Chart of the day: The long decline of labor
This chart comes from Margaret Jacobson and Filippo Occhino at the Cleveland Fed, and it’s reasonably terrifying — yet another one of those charts where the trend is down and to the right, and where it’s only gotten worse since the end of the recession.
What you’re looking at here is the share of total national income which is accounted for by labor — a measure that includes wages, salaries, bonuses and things like pension and insurance benefits. Everything else is capital income: interest, dividends, capital gains. There are two ways of measuring this, which is why there are two lines; both of them are telling the same story.
The fascinating thing to me, here, is what has happened since the crisis. Over the past three years or so, wages and salaries have been rising steadily, while interest rates have been stuck at zero. It’s never been harder to make income from capital, while incomes for people with jobs have actually kept on rising. And unemployment, while still high, has been coming down.
Given all that, it would stand to reason that the share of national income going to labor should be rising, not falling. Labor incomes are going up, the number of employed people is going up, and income from savings is going down. And yet! It turns out that people with capital are so rich, and getting so much richer, that it’s not even close. All that belly-aching about the plight of savers on fixed incomes in a zero interest-rate environment? Well, you don’t see it in these numbers. Looking at this chart, if you were given the choice between having money and no job, or having a job but no money, it’s not obvious which one to go for.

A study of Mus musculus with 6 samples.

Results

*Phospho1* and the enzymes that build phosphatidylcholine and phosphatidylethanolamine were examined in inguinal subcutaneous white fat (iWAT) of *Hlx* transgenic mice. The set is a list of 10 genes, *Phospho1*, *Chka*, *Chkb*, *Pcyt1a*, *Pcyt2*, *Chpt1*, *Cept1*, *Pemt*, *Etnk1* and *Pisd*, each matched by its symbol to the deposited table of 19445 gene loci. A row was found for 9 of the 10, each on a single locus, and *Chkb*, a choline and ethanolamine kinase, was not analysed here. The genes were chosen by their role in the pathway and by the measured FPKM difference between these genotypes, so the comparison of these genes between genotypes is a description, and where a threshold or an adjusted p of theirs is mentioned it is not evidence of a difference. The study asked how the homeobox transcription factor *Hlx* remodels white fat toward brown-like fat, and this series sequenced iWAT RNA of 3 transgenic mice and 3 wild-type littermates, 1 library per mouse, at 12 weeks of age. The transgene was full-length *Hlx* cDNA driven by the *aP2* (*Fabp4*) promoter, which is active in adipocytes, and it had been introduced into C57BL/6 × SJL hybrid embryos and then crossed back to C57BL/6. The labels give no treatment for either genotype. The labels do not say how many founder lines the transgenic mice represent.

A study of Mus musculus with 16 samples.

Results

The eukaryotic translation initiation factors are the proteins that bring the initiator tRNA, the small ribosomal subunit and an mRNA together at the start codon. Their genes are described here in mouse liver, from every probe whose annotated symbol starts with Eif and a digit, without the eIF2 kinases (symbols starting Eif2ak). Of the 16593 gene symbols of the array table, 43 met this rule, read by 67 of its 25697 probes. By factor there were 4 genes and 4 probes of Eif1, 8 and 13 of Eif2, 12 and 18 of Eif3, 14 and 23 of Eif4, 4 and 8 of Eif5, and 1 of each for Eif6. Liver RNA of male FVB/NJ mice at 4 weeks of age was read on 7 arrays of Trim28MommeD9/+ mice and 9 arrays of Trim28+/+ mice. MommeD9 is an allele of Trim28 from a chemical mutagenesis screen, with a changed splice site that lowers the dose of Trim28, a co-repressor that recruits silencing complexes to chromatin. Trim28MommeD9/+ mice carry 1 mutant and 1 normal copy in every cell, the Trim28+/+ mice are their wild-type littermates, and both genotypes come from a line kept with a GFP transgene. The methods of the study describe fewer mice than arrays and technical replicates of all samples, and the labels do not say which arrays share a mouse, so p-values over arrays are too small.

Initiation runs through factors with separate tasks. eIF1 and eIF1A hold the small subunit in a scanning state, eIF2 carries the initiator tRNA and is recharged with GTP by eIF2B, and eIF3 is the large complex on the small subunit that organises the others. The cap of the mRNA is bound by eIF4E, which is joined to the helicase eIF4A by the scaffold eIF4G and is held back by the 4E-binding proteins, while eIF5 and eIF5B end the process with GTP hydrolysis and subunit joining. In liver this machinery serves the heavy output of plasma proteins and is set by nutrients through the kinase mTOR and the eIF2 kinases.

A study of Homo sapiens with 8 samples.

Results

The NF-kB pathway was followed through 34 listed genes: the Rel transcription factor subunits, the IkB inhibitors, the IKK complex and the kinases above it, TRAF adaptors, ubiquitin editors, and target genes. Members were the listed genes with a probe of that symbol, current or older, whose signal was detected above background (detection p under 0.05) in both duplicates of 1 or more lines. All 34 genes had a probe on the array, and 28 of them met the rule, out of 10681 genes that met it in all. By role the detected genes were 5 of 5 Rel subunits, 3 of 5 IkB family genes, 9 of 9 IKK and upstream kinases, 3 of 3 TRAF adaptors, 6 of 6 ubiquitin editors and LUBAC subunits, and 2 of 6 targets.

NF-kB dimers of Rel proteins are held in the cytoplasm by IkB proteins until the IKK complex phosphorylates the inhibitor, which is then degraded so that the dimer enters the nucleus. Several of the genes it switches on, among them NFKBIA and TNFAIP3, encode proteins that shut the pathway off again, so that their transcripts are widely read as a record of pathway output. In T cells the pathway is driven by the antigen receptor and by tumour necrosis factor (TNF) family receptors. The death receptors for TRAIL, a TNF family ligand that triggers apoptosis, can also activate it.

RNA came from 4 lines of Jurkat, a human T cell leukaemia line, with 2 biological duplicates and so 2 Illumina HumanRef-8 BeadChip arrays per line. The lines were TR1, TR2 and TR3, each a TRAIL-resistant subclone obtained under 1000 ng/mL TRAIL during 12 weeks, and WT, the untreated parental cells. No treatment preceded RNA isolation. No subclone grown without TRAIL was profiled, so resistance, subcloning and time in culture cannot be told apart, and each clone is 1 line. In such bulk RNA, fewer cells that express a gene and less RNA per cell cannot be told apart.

Of course, as the Cleveland Fed paper shows, a lot of the story here is about rising inequality. But the more powerful, if less obvious, story, is just how entrenched capital income has become in the US economy. As recently as 2000, it was at levels more or less in line with the historical average. And then, something big happened. During the Great Moderation — when yields fell on all capital asset classes — capital income went up sharply. Then the crisis happened, a classic case of a dog not barking: you’d expect capital income to have fallen enormously, at least for a year or two, but it didn’t, it just stopped rising. Most recently, in the wake of the financial crisis, capital income has been soaring again.
There’s a big lesson here for anybody serious about fiscal policy, too. (Paul Ryan, I’m looking at you.) As the labor share of income goes down and the capital share of income goes up, the only way that we can stop tax revenues from plunging disastrously is to tax capital income at least as much as we tax labor income. By contrast, the Ryan plan proposes taxing capital income at zero — putting ever more of a burden on working Americans, while giving unearned income a massive tax break the rich really don’t need.
There are big global forces driving this chart, most importantly the way in which labor is becoming increasingly global and fungible. Labor income has been declining for a good 25 years, and the only substantial countertrend was the dot-com bubble. The trend is a bad one, and it’s getting worse. And while I don’t see any policies, on either side of the aisle, which really try to address it, the fact is that Republican policies seem explicitly designed to exacerbate it. Think of capital income as the money flowing to “job creators”, and the chart is very clear on that front.